This past weekend was a Bank Holiday here in the UK (sorry Scotland) and the seaside town of Worthing was on the agenda to support friend, housemate and FRC-er Sophie at the Worthing Triathlon on Sunday. To make the most of the long weekend and give us time to explore, we booked two nights in a little AirBnB and stayed Saturday and Sunday evenings. Of course I had to plan a long run into our itinerary and after looking at our travel plans and the map, another fellow FRC-er Andy and I decided to head to Amberley from London on the train and run a section of the South Downs Way, before turning off and continuing on the trails into Worthing.
From Clapham Junction it’s just over an hour on the train to Amberley and when you arrive, turn your back to the station, take a right hand turn onto the main road and follow it up until you get to a corner of a field with the South Downs Way marker post pointing you in the right direction. As the South Downs Way stretches 100 miles from Winchester in the West to Eastbourne (in the East) we were jumping on mid-way through and heading in a Westerly direction for about 10km. From Amberley it’s up, up, up, past some rugged farmland and shady forest sections and climbing some pretty sharp but short hills.
After a few kilometers you reach the Downs themselves and the views stretch far into the distance, green and yellow fields for miles and, on a good day like we were blessed with, a cloudless bright blue sky above. The terrain is mostly good soft, chalky paths, single tracks and a few gravely bits, nothing too technical but oh so welcoming compared to the London pavements. After 10km we started looking for a turn-off, leading us off the South Downs Way and in the direction of Worthing. We reached a dense forested area in a clearing – a popular pit stop for cyclists it seems – and then came to a clear junction, taking us off to the right and heading South towards the sea as the Way continued West.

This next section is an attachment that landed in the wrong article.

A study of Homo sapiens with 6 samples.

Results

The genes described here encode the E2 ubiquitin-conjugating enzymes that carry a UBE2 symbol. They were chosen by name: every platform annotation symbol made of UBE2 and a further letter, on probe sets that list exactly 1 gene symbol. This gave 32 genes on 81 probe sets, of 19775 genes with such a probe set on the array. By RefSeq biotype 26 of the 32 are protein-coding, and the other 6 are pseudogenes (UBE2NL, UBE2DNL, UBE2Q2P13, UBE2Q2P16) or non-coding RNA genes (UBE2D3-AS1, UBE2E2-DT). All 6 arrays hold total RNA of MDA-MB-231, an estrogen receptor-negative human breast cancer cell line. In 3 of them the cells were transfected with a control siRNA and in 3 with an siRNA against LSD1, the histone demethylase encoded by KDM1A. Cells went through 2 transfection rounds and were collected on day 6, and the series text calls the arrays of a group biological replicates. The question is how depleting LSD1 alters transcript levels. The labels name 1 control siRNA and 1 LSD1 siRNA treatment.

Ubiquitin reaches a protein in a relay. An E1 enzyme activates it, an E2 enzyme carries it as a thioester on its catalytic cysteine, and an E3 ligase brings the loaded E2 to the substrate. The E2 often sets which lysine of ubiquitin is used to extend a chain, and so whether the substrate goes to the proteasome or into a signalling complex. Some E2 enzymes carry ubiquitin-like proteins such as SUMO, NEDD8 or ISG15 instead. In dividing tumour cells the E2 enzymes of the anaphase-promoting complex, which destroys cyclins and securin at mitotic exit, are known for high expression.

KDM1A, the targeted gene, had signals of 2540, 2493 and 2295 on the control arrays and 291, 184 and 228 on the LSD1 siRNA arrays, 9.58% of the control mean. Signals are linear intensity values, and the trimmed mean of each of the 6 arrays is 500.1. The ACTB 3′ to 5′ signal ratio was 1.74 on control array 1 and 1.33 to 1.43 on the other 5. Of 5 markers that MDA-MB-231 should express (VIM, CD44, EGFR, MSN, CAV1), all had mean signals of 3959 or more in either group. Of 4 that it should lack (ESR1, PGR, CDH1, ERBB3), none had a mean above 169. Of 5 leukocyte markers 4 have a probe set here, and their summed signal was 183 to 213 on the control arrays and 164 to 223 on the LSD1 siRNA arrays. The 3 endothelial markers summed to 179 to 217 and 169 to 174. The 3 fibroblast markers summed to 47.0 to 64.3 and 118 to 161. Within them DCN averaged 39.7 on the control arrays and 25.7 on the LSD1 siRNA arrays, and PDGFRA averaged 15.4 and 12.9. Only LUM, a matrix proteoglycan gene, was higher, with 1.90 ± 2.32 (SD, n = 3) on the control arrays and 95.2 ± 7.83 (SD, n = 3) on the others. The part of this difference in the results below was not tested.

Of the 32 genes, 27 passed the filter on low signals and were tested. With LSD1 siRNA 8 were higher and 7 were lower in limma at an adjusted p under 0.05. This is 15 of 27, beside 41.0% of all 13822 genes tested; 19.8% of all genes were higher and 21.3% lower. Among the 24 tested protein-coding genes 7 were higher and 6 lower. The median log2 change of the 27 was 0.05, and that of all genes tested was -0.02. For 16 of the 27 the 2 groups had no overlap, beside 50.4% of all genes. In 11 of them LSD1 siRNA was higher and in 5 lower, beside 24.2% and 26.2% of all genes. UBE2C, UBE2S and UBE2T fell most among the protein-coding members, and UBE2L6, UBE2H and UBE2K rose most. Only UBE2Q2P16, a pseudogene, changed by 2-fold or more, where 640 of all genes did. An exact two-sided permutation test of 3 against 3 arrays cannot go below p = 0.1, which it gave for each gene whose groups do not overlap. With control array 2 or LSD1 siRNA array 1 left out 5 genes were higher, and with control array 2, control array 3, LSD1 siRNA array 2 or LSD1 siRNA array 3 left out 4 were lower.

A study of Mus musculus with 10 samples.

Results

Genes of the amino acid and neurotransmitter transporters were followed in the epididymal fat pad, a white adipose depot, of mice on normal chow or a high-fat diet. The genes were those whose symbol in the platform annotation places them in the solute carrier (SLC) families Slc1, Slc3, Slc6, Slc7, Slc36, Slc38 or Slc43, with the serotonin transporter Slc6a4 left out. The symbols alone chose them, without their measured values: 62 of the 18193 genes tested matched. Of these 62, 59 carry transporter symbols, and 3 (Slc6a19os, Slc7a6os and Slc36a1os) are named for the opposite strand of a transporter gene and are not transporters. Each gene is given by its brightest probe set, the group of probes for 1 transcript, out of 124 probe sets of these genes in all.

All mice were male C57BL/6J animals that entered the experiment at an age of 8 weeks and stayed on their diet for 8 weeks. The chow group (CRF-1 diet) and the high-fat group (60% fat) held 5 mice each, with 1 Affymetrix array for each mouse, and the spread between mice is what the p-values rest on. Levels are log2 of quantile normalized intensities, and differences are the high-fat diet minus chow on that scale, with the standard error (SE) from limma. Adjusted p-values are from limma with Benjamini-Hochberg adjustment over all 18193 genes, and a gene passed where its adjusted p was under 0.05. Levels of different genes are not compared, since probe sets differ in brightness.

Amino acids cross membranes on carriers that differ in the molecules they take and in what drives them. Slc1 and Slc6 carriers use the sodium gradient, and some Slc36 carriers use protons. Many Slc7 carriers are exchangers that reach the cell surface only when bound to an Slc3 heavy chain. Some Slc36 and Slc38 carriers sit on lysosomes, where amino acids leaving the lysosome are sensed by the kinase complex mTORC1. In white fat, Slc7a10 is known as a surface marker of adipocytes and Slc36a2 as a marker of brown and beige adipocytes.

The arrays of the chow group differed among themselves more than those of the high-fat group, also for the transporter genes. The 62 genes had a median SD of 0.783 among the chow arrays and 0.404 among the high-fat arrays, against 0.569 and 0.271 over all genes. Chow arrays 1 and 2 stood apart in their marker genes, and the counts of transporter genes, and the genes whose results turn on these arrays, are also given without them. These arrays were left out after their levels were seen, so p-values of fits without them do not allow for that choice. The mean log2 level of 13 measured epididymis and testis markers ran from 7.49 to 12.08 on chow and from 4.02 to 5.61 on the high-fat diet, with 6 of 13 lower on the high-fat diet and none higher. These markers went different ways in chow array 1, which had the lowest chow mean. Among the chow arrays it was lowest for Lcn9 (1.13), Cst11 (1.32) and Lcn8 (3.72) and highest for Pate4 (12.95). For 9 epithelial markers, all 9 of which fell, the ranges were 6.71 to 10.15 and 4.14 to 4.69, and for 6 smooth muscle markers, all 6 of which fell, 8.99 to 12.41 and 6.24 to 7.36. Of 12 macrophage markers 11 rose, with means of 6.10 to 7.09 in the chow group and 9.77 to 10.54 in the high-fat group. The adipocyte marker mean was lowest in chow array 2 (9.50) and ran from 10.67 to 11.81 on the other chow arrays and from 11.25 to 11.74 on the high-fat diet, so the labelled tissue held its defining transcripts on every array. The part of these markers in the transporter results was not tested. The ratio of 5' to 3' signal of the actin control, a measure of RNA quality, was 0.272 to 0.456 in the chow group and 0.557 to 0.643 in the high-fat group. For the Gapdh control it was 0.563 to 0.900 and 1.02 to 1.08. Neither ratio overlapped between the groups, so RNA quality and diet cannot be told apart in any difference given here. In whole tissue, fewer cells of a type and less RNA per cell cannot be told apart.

We were looking out for the Cissbury Ring on our journey – a National Trust site with the largest hill fort in Sussex dating back over 5000 years – and after a while we spotted a car park below a hill summit, so guessing we’d found it we headed up and into the centre of the ring. From the top we could see our destination, Worthing, but not quite the sea as the mist was hiding it from us. There are many paths to follow around the ring but we followed our noses and headed off in the direction of the seaside town, passing through some lovely hedgerows bursting with bramble bushes and alongside a golf course before leaving the trail and arriving onto the streets of Worthing. We’d promised to meet Sophie, who’d driven down to Worthing in preparation for the triathlon the next day, at the pier for ice cream, and after another few miles we reached the pebbled beach of the shore and ran onto the pier to see her. As I touched the end of the pier railings and looked over the edge into the sea I stopped my watch clocking just over 24km. A beautiful introduction to the South Downs Way with some history thrown in for good measure, the perfect start to our Bank Holiday Weekend!